Phylogenetic inference for function-valued traits : speech sound evolution
The Functional Phylogenies Group (Including: Aston, John A. D., Buck, Dorothy, Coleman, John, Cotter, Colin J., Jones, Nick S., Macaulay, Vincent, MacLeod, Norman, Moriarty, John M. and Nevins, Andrew). (2012) Phylogenetic inference for function-valued traits : speech sound evolution. Trends in Ecology & Evolution, Vol.27 (No.3). pp. 160-166. ISSN 0169-5347Full text not available from this repository.
Official URL: http://dx.doi.org/10.1016/j.tree.2011.10.001
Phylogenetic models have recently been proposed for data that are best represented as a mathematical function (i.e. function valued). Such methods can be used to model the change over time in function-based descriptions of various data of interest to evolutionary biologists, including the sound of speech. This approach to phylogenetic inference and analysis is challenging, both in terms of modeling the phylogenetics of functions and in engaging with previously existing evidence for character-state change. Nevertheless, it is both a real and exciting prospect. Our approach could provide those interested in investigating a greater range of evolutionary processes with the ability to use statistical hypothesis-testing procedures and to create estimates of the states of function-valued characteristics (e.g. speech sounds) at earlier historical times.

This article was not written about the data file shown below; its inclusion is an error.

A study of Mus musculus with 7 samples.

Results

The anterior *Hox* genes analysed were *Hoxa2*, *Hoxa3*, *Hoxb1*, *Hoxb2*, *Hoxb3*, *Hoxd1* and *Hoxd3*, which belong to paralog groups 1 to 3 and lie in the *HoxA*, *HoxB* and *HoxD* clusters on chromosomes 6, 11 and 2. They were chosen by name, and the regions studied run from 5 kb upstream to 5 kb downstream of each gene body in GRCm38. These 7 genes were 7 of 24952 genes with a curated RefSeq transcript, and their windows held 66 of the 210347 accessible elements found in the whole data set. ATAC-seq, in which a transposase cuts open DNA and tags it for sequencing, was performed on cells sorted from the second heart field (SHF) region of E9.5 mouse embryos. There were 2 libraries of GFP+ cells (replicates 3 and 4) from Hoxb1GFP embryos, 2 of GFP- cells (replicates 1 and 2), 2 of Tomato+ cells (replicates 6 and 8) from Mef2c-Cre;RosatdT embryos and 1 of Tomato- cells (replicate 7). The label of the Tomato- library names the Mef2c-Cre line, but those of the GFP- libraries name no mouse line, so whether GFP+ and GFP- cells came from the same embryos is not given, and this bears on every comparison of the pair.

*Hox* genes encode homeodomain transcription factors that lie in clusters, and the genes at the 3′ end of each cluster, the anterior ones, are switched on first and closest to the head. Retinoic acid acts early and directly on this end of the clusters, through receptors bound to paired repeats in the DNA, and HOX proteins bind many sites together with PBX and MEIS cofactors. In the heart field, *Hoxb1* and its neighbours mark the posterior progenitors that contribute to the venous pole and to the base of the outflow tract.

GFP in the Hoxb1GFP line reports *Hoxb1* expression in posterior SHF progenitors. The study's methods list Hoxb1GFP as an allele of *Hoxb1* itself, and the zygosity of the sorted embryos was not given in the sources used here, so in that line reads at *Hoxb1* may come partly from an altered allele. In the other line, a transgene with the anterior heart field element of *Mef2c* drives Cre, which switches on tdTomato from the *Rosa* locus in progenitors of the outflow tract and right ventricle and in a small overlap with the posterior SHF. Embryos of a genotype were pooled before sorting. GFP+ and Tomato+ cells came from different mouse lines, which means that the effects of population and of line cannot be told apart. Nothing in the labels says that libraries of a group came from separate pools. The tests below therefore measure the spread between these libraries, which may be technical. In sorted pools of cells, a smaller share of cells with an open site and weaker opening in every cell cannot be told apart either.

|Item Type:||Journal Article|
|Subjects:||H Social Sciences > HA Statistics|
|Divisions:||Faculty of Science > Statistics|
|Journal or Publication Title:||Trends in Ecology & Evolution|
|Official Date:||March 2012|
|Page Range:||pp. 160-166|
|Access rights to Published version:||Restricted or Subscription Access|
The Functional Phylogenies Group comprises: John A.D. Aston (Warwick University, Statistics, UK); Dorothy Buck (Imperial College London, Mathematics, UK); John Coleman (Oxford University, Phonetics Laboratory, UK); Colin J. Cotter (Imperial College London, Aeronautics, UK); Nick S. Jones (Imperial College London, Mathematics, UK); Vincent Macaulay (Glasgow University, Mathematics and Statistics, UK); Norman MacLeod (Natural History Museum, Palaeontology, UK); John M. Moriarty (Manchester University, Mathematics, UK) and Andrew Nevins (University College London, Linguistics, UK).